Traces of Union Church in Little Tokyo | KCET
Traces of Union Church in Little Tokyo
FORM follows FUNCTION is a collaborative media studio creating non-fiction, short format videos connecting architecture, people and place.
Traces No. 2: UNION
In 1922, in the burgeoning area of downtown Los Angeles known as Little Tokyo, leaders of three separate struggling Japanese missions combined their efforts to create one strong church. They called it the Japanese Union Church. As construction workers and parishioners lowered the ceremonial cornerstone that year, they were laying a foundation built on unity and co-existence -- values that would continue to be represented throughout the life of the structure.
Today the simple yet grand four-columned Colonial building houses the Union Center for the Arts. It stands as a monument to what can be accomplished when cooperation, understanding, and the singular vision of a community guides the way.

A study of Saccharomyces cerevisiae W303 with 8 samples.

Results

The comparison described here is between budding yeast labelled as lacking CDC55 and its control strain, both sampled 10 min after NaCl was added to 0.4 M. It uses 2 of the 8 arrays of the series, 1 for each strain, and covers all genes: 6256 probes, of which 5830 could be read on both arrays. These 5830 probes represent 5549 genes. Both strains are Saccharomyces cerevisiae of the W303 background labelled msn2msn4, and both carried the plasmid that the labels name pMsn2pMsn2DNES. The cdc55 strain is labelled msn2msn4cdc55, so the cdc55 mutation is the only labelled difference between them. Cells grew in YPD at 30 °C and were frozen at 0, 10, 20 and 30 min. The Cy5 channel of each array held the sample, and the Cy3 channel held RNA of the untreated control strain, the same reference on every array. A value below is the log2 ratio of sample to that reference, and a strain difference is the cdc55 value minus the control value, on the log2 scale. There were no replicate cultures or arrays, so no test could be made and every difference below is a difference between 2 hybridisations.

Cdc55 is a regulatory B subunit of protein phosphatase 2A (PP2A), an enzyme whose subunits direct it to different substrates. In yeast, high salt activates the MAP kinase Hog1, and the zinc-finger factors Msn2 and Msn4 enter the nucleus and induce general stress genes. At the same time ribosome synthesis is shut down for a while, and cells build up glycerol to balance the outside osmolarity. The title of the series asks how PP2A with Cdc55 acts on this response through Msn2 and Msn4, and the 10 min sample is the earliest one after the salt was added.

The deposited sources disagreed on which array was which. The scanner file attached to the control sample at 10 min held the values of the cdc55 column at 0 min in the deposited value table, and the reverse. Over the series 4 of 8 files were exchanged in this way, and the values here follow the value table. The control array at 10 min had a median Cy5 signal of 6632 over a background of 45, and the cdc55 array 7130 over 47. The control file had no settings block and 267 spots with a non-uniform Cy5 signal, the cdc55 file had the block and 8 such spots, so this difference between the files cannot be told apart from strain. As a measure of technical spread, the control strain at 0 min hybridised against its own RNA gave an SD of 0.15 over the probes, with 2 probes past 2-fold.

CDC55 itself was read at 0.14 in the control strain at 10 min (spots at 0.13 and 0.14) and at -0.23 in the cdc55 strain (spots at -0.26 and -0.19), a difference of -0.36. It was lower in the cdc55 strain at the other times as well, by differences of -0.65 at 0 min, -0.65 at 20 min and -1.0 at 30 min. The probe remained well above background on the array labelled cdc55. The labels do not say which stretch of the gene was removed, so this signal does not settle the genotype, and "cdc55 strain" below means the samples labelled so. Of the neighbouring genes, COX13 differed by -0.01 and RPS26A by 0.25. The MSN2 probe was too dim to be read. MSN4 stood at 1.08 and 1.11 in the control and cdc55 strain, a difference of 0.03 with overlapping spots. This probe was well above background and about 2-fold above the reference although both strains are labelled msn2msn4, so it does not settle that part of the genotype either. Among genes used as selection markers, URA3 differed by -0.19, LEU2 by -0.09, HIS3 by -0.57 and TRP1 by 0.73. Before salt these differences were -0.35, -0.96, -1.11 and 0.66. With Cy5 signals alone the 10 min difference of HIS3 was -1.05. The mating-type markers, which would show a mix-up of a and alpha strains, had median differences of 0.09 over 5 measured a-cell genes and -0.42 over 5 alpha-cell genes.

Giving voice to an enduring landmark that has experienced pivotal moments in the history of Los Angeles, "Traces 2: UNION" offers a glimpse into the life of a building through the memories and accounts of those who have been a part of its story. If you are among those who have been there, whether for a musical production, an art show, or a film screening in 2012, or for worship in 1923, then you will know that the stately structure that stands at 120 Judge John Aiso Street embodies much of what is good in a metropolis as complex and enriching as Los Angeles.
Civilizations should be measured by the degree of diversity attained and the degree of unity retained - W. H. Auden
FORM follows FUNCTION is a collaborative media studio creating non-fiction, short format videos connecting architecture, people and place. As an open studio, FfF seeks to collaborate with people (architects, designers, and dwellers alike) who are interested in telling unique stories around the built environment, the places around them, and its impact on people's lives.
A Q&A will immediately follow the screening with executive producer Geena Davis and director Tom Donahue.